Friday, July 12, 2013

From Motorist to Commuter: 3 Conditions to Convert Me to Use Public Transportation

MMDA recently proposed a new car coding scheme that would increase the car ban from once to twice a week. No wonder Dan Brown saw Manila as the gate to hell, despite its being purportedly Catholic (but that's another story). As expected, motorists protested this and cursed MMDA.

I actually like to take public transit. But in Manila, I hate taking the bus and train. Buses stop everywhere and it takes forever for me to get to Point B. Taking the train is also hell, especially at rush hour in MRT. Some stations have no proper ventilation and there are no schedules that would help me plan my commute. I am sure this is why motorists would rather pay high fuel prices, risk the hypertensive-inducing stress of driving, and incur expensive maintenance fees for owning cars, than take the bus or train.

I think that people like me would be willing to cooperate with MMDA, so long as commuting becomes painless in Manila. And for that, we need these systems-based solutions to be in place.

First, improve the bus transit system. Rid the streets of illegal buses. Revoke licenses of  notorious violators (including those who do not give monthly salaries to drivers and conductors). Enforce schedules and routes. Implement a bus rapid transit (BRT) system which would include making the stations comfortable and able to big enough to accommodate the volume of passengers.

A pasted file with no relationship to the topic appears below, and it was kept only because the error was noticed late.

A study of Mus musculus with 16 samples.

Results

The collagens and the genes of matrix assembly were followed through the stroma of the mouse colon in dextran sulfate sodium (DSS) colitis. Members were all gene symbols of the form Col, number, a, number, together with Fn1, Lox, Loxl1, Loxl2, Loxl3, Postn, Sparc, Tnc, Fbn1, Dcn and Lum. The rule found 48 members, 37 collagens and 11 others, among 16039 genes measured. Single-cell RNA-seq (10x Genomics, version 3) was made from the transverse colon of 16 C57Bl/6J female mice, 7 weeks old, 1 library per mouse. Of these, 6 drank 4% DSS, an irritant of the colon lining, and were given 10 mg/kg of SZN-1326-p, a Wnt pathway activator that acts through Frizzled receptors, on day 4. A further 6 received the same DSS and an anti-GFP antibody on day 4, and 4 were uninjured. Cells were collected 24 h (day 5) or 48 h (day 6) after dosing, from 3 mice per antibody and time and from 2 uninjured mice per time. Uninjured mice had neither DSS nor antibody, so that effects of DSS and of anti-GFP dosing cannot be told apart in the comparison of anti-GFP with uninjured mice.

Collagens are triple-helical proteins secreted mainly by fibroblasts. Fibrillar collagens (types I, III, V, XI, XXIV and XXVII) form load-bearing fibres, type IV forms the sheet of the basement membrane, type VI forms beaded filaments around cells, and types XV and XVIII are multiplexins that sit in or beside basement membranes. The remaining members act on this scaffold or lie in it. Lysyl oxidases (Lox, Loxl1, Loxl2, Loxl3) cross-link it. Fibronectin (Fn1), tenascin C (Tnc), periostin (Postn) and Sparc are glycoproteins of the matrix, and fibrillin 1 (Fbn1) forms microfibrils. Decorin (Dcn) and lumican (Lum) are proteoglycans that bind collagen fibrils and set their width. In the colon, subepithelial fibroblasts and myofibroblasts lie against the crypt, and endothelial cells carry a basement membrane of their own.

Second, improve the light rail system. Decommission the small carriages of MRT and replace them with large cars that could take on the volume of passengers at EDSA. Connect MRT to the LRT line. Implement the single ticketing system among the three lines and also with buses.

Third, improve the security in the mass transit systems. Self explanatory.

Sort these things out and you will convert me and others like me. I enjoy commuting actually. Trains and bus schedules are the first thing I study when I am in a new city. I am easy to convert. So MMDA, instead of looking only at the symptoms, for once, deal with the root causes of why we favor motoring over commuting.